Generation of Educational 3D Maze Games for Carpet Handicraft in Bulgaria


  • Boyan Bontchev Faculty of Mathematics and Informatics, Sofia University, Bulgaria
  • Radina Panayotova Faculty of Mathematics and Informatics, Sofia University, Bulgaria



Video Game, Maze, Generation, Education, Carpet


Serious video games applied for learning purposes play a significant and important role for the modern technology enhanced education. The paper presents an educational 3D maze video game dedicated to the development of carpet fabrication in Bulgaria since 17 th century until modern days. The game was automatically generated by means of declarative description of the maze processed by an open software tool named Maze Builder and built on top of Unity game platform and specially designed for automatic generation and easy modification of maze video games. There are explained the maze game design process, the educational tasks embedded into the maze, and a practical experiment conducted with the generated game. The initial results obtained from these experiments are very positive and encouraging with regard of playability of such educational mazes and, as well, concerning their easy and straightforward generation by educators, who are not IT professionals.


Abt, C. C. (1987). Serious games. University press of America. 0,00% 10,00% 20,00% 30,00% 40,00% definitely no more likely no I can't say more likely yes definitely yes

Backlund, P., & Hendrix, M. (2013, September). Educational games-are they worth the effort? A literature survey of the effectiveness of serious games. Proc. of 5 th Int. Conf. on Games and virtual worlds for serious applications (VS-GAMES), IEEE, 1-8.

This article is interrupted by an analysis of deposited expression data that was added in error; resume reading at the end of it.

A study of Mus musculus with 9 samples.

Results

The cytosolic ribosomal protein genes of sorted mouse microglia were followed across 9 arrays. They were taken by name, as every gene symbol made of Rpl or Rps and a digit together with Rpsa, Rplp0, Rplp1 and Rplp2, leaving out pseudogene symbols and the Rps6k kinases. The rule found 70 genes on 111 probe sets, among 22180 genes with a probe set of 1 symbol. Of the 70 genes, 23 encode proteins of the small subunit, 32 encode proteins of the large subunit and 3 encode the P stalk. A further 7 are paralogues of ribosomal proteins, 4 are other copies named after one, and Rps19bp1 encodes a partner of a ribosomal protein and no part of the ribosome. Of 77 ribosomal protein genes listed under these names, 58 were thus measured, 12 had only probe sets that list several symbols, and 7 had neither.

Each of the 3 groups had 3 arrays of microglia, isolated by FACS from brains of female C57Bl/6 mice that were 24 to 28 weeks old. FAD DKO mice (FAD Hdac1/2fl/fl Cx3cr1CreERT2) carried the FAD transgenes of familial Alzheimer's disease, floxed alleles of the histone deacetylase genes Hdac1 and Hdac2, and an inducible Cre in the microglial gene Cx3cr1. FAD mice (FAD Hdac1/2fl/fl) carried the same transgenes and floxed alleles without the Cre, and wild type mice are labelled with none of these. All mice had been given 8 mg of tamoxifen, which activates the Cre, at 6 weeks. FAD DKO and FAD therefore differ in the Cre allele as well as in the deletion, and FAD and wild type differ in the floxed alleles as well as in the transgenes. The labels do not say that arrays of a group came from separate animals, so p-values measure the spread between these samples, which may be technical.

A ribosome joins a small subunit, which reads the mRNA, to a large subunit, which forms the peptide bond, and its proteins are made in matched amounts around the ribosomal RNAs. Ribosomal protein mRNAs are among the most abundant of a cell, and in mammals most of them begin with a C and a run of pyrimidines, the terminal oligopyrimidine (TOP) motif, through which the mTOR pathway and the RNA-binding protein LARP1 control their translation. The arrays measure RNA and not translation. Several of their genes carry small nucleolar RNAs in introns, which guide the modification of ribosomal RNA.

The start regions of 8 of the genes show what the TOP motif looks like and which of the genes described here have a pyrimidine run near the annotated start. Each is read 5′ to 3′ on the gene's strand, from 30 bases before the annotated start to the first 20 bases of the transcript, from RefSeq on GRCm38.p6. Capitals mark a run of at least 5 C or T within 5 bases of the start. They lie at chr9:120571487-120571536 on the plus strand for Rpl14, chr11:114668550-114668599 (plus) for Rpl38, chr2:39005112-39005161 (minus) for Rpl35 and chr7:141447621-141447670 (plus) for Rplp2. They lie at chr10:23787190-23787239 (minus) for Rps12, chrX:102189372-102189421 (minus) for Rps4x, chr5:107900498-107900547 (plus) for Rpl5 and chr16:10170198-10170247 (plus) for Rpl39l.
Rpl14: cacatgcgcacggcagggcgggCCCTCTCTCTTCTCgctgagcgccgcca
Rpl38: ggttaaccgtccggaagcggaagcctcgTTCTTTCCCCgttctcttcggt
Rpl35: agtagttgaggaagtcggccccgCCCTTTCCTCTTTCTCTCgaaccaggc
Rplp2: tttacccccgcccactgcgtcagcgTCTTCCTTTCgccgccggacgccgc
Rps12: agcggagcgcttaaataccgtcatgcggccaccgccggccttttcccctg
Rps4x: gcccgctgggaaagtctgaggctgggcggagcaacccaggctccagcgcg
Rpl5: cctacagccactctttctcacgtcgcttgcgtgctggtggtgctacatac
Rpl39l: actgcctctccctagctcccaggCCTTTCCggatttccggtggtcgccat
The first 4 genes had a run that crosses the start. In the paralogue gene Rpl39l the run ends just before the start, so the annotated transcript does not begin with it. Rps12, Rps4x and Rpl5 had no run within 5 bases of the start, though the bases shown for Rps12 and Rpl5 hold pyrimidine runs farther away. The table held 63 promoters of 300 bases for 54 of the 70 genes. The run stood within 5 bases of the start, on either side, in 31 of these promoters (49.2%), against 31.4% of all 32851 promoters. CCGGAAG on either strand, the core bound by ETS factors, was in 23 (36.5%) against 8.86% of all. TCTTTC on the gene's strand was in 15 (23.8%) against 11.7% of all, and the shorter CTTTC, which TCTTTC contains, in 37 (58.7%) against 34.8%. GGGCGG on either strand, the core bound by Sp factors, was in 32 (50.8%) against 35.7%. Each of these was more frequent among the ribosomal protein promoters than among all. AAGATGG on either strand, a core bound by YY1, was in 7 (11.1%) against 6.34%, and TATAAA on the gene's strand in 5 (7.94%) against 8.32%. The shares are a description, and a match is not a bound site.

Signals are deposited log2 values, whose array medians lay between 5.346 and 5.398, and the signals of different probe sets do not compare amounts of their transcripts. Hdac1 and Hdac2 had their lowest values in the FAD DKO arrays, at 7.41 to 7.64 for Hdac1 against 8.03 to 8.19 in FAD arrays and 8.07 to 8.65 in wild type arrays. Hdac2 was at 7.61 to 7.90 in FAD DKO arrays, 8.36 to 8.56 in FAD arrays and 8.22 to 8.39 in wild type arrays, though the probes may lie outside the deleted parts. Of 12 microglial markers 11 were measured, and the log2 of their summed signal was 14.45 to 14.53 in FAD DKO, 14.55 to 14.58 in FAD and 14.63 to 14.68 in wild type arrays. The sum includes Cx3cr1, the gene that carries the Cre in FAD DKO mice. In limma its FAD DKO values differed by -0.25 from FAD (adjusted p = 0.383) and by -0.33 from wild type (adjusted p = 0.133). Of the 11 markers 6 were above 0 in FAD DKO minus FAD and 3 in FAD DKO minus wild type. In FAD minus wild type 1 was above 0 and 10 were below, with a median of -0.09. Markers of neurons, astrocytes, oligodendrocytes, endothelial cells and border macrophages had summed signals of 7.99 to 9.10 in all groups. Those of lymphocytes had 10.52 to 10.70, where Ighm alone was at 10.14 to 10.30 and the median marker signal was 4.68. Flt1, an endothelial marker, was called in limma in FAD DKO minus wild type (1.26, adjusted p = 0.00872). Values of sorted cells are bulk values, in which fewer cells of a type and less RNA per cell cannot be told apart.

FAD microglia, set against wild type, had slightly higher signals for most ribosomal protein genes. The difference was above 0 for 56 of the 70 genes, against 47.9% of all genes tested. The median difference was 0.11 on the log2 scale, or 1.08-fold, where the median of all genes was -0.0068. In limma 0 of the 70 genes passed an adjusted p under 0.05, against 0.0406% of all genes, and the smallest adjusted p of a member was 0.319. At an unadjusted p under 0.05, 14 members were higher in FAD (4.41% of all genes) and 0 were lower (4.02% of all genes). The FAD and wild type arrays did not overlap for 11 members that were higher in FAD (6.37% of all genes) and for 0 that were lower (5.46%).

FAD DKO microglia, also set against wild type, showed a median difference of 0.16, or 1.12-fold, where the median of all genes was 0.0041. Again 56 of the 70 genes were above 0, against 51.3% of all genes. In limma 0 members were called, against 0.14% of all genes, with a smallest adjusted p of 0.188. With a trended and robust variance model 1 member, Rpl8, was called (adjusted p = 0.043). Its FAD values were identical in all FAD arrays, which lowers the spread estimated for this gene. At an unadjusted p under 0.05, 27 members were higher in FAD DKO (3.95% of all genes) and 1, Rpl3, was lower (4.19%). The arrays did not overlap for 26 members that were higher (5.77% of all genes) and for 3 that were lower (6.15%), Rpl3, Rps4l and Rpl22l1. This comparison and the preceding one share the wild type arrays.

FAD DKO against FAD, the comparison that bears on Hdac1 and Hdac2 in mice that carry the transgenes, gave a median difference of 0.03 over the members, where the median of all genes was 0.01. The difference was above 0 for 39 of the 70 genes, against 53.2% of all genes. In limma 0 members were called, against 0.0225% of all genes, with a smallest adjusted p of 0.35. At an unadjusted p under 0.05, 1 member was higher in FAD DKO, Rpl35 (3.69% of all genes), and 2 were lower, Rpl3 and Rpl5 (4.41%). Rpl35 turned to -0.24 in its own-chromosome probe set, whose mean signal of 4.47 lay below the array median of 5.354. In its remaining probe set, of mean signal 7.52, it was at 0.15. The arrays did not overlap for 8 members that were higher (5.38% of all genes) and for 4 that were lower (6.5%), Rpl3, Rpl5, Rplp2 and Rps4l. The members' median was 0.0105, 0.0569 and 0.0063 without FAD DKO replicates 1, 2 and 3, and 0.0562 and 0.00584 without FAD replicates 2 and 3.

Bontchev, B. (2015). Customizable 3D video games as educational software. Proc. of EDULEARN, 15.

Bontchev, B. (2016). Holistic player modeling for controlling adaptation in video games. Proc. of 14 th Int. Conf. e-Society, Vilamoura, Portugal, IADIS, 11-18.

Bontchev, B., Paneva-Marinova, D., & Draganov, L. (2016) Educational Video Games for Bulgarian Orthodox Iconography. Proc. of 9 th Annual Int. Conf. of Education, Research and Innovation, Seville, Spain, November 14-16, IATED, DOI: 10.21125/iceri.2016.1374

Egenfeldt-Nielsen, S., Smith, J. H., & Tosca, S. P. (2008). Understanding video games: The essential introduction. Routledge.

ESA. (2015). Essential Facts About the Computer and Video Game, retrieved May 30, 2017, from

Plass, J. L., Homer, B. D., & Kinzer, C. K. (2015). Foundations of game-based learning. Educational Psychologist, 50(4), 258-283.

Schmidt, R., Emmerich, K., & Schmidt, B. (2015, September). Applied games–in search of a new definition. In International Conference on Entertainment Computing, LNCS, Vol. 9353, Springer, 100-111.

Shaffer, D. W., Halverson, R., Squire, K. R., & Gee, J. P. (2005). Video games and the future of learning (WCER Working Paper No. 2005-4), Madison: University of Wisconsin– Madison.

Shapiro, J. (2014). Games in the Classroom: Overcoming the Obstacles, retrieved May 30, 2017, from

Spence, I., & Feng, J. (2010). Video games and spatial cognition. Review of General Psychology, 14(2), 92.




How to Cite

Bontchev, B., & Panayotova, R. (2017). Generation of Educational 3D Maze Games for Carpet Handicraft in Bulgaria. Digital Presentation and Preservation of Cultural and Scientific Heritage, 7, 41–52.